Even more reason to be careful that the food you eat is safe has surfaced in countries all over the world. Never before in history has safety been such a prevalent and important issue as it is today and with new strains of antibiotic-resistant bacteria surfacing each year we cannot afford to ignore food safety and hygiene.
Strains of an increasinglyantibiotic-resistant Salmonella have been increasing rapidly across the globe, this according to a recent study published by a group of researchers at the Institut Pasteur in Paris and Morocco.
Antibiotic-resistant Salmonella was, according to the researchers, first isolated in 2002 in a French tourist who had visited Egypt and has now spread throughout the continent of Africa as well as across the Middle East at an alarmingly high rate.
But the bacterium is not limited to developing countries, it has also been linked to farm bred turkeys in Europe.
I recently came across an article on www.foodsafetynews.com in which the study was summarized. According to the post the lead author of the study expressed concerns that the resistant strain could soon spread to European poultry farms.
Another report done by Canadian researchers called the antibiotic-resistant strain of Salmonella, known as Kentucky, a “growing concern”. The study found that between 2003 and 2009 in Canadian patients, 30 per cent of those with Salmonella Kentucky were resistant to the antibiotic Ciprofloxacin. However it was found that these patients had all contracted the bacteria while travelling Africa and not from any Canadian manufactured food products because they had developed the symptoms within a week of travelling to the continent.
Even countries such as Morocco have been severely hit with hundreds of infections being reported every year. Although no Australian accounts were reported by the researchers this is useful information for Aussies especially those travelling abroad.
This excerpt from www.foodsafetynews.com explains:
The main vehicle of transmission for antibiotic-resistant Salmonella Kentucky from African and Middle Eastern countries appears to be chickens and turkeys. The authors said the resistance is believed to be caused by “the massive overuse” of antibiotics in African poultry farming.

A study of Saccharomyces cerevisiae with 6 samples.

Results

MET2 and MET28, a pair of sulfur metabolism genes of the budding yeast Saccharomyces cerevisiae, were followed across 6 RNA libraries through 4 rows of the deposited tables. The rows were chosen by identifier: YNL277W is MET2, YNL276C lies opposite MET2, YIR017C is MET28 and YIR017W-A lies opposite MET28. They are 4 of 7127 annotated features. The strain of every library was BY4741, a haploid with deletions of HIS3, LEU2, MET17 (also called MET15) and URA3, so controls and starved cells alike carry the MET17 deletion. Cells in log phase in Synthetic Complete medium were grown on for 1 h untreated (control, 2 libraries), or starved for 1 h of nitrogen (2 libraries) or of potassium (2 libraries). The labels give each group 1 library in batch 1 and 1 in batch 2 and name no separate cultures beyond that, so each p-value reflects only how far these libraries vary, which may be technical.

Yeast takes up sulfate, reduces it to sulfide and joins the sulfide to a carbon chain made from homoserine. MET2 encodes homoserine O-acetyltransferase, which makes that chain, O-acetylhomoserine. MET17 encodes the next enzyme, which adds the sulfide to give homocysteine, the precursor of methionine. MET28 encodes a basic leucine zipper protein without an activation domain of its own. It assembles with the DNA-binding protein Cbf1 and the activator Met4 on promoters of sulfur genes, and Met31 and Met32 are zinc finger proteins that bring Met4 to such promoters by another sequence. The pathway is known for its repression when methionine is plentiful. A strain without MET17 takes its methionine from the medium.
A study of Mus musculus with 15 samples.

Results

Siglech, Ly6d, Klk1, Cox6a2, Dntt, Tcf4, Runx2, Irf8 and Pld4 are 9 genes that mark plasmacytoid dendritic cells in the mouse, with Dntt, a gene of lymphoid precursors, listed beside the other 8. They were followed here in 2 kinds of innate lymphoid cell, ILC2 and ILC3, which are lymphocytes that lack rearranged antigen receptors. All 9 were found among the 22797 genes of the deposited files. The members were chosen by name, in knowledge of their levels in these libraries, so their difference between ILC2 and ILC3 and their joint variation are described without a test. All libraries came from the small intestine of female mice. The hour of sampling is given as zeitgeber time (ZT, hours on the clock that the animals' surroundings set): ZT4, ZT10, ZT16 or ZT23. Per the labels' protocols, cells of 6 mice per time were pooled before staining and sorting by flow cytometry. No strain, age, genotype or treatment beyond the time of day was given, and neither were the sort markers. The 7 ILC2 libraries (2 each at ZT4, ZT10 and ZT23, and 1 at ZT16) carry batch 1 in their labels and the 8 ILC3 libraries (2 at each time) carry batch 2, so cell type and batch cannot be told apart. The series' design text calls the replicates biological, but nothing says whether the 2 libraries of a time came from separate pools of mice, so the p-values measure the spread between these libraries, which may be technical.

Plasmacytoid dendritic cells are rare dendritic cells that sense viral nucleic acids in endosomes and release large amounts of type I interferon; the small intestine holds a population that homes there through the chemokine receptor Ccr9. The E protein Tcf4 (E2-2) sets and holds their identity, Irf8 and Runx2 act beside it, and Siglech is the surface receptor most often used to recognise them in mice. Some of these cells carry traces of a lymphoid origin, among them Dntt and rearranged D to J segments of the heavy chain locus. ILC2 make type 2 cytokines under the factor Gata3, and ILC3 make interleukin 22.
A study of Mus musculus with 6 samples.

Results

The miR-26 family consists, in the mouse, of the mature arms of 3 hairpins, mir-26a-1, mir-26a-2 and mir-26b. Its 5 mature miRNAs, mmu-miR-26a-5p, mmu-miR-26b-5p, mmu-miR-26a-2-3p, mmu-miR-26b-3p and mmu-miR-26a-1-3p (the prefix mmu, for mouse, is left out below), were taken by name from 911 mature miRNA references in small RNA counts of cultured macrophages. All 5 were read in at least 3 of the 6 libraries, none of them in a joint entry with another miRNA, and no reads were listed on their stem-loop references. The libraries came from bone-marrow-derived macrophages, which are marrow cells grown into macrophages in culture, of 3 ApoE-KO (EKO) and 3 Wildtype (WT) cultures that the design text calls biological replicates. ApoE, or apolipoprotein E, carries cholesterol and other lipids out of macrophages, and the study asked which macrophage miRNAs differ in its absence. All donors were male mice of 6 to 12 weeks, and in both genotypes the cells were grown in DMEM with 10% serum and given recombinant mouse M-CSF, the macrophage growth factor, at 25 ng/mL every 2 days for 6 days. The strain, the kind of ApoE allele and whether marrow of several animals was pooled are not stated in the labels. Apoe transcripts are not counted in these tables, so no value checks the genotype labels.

According to a May 2013 report by the Center for Science in the Public Interest, the U.S. saw 55 outbreaks of antibiotic-resistant pathogens between 1973 and 2011. Contaminated dairy products and ground beef accounted for the majority of those outbreaks.
Antibiotic-resistant Salmonella strains accounted for 50 (91 percent) of those drug-resistant outbreaks, though none of them were Salmonella Kentucky. At least 35 (64 percent) of those were resistant to five or more antibiotics.
It is useful to know how to keep safe when travelling and the dos and don’ts of eating while in countries where these risky strains of Salmonella have been found.
- Wash your hands as much as possible, especially before eating and after using the toilet.
- Do not use dirty public facilities if you can avoid them, use the toilet before leaving your hotel each day
- Don’t eat undercooked chicken, meat, fish, egg and dairy products or any hot food which has gone cold. Be especially careful of buffet foods that are not being properly heated.
- If you notice food utensils have residue on them, ask for a clean one.
- Don’t use utensils with food residue– find a clean one
- Don’t eat food handled by people without gloves.
- Avoid home-made ice cream which may have been made with unpasteurised milk – stick to branded, wrapped products if you’re unsure about the contents.
- Only drink water from sealed bottles because an alarming amount of drinking supplies can become contaminated with salmonella. Don’t forget that ice cubes are also water and can be filled with Salmonella.
- Remember food left exposed to birds, lizards etc. are at risk of Salmonella, so don’t eat from food left open or on the street.